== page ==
Figure 5 Top three importers of live and wildsourced clams

Totals are derived from importers' data.

H 50

H 50

1 I 1993 94

99 00 2001

1 I 1993 94

99 00 2001

Several source countries have also implemented legislation to better manage and protect their giant clam stocks. In 1996, the Philippines, previously dominating exports for the international shell trade and one of the main suppliers of live clams for the international aquarium trade, adopted a total prohibition on all exports of giant clam82. The Solomon Islands reported that only exports of cultured giant clams were allowed, while with help from the International Marinelife Alliance, the government of Vanuatu recently banned collection and exports of wild specimens of T. crocea for the aquarium trade and proposed the establishment of quotas for collection of other giant clam species on outer islands87.

Wild stocks of giant clams (especially of the largest species T. gigas, T. derasa and T. tevoroa) have experienced drastic declines over the last 20-30 years as a result of high levels of exploitation for subsistence purposes, and probably to a greater extent due to commercial harvesting for their meat and shells. However, the demand for live giant clams for aquaria has also grown considerably in recent years. Figures for the extent of the trade are patchy and fluctuate considerably between years (see Table 12, p 31), but CITES data show that total exports of giant clams (all species included) have significantly increased from a total of 48,642 individuals in 1993 to 126,715 individuals in 2001. In 1993, wild-caught giant clams represented 20 per cent of all live specimens, versus 15 per cent originating from mariculture facilities. In 2001, 76 per cent of all giant clams in trade as marine ornamentals had been caught in the wild, whereas 22 per cent had been reared.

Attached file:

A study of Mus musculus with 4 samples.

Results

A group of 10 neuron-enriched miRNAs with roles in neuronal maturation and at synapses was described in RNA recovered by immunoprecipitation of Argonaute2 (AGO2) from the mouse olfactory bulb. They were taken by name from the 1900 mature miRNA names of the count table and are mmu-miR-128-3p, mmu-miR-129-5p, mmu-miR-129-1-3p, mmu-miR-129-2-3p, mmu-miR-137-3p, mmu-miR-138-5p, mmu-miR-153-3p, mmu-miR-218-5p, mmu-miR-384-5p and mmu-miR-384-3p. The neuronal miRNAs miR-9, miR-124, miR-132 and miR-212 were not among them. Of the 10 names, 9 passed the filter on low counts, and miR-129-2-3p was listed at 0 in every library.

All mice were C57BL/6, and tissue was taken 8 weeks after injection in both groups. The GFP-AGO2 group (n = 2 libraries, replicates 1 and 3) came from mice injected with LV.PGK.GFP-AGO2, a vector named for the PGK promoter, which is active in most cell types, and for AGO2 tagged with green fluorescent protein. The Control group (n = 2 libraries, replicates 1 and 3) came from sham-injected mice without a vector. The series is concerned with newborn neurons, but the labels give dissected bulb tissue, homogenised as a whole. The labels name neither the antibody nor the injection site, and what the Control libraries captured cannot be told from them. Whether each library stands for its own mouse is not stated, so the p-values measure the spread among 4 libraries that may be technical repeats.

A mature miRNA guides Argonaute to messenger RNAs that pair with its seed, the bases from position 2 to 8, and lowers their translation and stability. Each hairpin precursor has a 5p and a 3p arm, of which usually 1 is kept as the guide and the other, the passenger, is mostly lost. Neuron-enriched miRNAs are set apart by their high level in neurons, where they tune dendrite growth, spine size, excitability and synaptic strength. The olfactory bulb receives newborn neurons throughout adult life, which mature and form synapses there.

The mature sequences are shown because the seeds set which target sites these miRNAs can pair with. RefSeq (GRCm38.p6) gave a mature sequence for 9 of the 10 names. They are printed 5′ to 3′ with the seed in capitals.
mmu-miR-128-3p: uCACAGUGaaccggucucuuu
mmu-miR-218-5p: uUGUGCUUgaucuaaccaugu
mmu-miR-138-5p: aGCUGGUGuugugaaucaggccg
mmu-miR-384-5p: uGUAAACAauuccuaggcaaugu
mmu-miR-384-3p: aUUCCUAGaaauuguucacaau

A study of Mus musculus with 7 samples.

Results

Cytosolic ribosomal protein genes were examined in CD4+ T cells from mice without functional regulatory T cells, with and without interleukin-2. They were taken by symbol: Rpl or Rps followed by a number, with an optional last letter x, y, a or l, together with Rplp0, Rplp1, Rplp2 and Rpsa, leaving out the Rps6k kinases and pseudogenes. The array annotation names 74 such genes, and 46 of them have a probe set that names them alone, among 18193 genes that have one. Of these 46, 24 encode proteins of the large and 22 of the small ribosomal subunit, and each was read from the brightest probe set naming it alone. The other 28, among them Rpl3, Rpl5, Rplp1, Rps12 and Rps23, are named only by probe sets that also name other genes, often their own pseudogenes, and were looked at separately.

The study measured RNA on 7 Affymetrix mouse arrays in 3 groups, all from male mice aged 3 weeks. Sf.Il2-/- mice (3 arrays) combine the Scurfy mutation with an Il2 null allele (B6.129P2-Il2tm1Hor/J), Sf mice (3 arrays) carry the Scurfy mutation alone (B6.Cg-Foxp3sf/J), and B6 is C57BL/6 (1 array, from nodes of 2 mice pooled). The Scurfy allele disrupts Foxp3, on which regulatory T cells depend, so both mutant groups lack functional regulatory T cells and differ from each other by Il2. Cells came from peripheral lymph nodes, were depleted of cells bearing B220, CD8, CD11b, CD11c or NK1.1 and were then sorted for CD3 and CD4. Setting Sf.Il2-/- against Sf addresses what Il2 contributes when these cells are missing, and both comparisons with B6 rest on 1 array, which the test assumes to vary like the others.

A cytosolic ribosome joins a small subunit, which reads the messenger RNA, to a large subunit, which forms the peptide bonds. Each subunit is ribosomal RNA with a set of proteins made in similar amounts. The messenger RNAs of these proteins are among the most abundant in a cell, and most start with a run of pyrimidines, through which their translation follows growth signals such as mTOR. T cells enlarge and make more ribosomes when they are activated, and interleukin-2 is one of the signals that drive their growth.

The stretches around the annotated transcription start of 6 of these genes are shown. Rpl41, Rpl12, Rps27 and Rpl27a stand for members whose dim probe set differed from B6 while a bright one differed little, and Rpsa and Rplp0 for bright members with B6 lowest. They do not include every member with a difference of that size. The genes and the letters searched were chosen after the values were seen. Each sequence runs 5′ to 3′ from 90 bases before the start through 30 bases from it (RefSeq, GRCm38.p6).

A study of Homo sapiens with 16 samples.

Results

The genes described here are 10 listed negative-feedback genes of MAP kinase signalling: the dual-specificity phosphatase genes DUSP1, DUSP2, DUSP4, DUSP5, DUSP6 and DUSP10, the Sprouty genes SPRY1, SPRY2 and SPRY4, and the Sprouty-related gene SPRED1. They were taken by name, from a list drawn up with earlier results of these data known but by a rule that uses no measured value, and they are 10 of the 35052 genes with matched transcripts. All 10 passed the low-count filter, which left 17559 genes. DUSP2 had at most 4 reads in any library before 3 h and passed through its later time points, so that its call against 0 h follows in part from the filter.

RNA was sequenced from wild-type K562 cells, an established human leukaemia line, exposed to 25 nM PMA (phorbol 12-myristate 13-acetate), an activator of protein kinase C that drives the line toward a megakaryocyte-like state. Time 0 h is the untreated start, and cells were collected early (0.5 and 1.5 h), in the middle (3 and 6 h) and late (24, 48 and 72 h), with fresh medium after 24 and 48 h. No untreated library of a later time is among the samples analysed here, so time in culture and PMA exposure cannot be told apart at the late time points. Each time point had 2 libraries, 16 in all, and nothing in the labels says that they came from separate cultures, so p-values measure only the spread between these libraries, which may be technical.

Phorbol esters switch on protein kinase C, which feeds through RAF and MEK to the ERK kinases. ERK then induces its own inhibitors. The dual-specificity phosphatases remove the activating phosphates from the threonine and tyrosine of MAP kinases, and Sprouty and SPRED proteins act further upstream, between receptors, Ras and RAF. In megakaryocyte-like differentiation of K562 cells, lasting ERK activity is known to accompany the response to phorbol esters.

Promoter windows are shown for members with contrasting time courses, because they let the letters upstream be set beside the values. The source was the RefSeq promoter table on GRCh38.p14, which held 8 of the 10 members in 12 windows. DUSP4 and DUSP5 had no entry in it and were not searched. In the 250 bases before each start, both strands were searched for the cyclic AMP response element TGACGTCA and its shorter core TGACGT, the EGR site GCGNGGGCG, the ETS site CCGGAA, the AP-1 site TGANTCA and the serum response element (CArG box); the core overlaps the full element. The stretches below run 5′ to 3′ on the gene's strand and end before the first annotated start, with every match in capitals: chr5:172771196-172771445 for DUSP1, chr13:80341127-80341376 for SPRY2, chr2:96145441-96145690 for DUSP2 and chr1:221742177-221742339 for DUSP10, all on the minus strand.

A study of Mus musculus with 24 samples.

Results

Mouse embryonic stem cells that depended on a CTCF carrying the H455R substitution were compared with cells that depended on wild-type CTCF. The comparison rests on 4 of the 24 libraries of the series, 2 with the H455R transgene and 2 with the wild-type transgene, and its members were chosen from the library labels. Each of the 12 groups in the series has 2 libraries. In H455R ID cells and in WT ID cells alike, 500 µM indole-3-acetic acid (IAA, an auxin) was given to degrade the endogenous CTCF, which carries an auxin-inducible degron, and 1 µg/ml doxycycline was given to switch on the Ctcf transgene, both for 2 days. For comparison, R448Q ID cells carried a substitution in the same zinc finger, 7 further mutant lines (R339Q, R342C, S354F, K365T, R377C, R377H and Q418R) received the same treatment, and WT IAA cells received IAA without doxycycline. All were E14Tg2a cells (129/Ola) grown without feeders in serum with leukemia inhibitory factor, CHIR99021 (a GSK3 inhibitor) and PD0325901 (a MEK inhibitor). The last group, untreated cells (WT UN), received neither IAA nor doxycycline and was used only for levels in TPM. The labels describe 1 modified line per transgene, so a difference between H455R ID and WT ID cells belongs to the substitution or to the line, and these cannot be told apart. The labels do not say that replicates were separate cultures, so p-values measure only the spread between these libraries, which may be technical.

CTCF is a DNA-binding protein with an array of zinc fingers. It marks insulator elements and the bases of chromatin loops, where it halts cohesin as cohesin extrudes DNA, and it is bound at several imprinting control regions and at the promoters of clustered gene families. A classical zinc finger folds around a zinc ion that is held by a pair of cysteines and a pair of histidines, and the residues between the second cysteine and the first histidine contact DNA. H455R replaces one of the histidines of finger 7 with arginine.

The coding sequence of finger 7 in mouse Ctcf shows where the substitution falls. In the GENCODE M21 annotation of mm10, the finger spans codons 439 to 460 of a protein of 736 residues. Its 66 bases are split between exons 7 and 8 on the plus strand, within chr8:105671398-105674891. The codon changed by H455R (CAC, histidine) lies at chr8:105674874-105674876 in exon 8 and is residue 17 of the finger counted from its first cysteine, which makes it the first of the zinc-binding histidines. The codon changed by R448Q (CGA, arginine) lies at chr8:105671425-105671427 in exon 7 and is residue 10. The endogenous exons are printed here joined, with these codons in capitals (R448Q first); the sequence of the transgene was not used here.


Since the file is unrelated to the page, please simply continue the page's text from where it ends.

Although maricultured clams sold for the aquarium trade command the highest prices, hobbyists often prefer wild-caught specimens, as farmed individuals tend to have less highly coloured mantles45. However, advances in selective breeding techniques have meant that clams can now be bred for brighter mantle colours. Pacific island nations such as (ranked in order of importance) the Solomon Islands, Marshall Islands, Fiji and Tonga are the main exporters of live captive-bred giant clams.

Based on CITES data from 1993 to 2001, the major source countries of live wild-sourced giant clams for the aquarium trade are Viet Nam, the Philippines, the Solomon Islands, Tonga, Fiji, Vanuatu, the Marshall Islands and Micronesia. However, the role of individual countries changed considerably over those years. With exports from the Philippines being banned in 1996, exports from other source countries increased slightly (with the exception of the Solomon Islands whose trade has decreased) allowing Viet Nam to dominate exports as early as 1998 (see Figure 4, p 31).

The main importers of giant clams are the United States, the EU and Hong Kong (using CITES data from 1999 onwards). Although the United States used to dominate imports of live giant clams, the total number of specimens imported into the EU has been greater than numbers imported into the United States since 1999 (see Figure 5).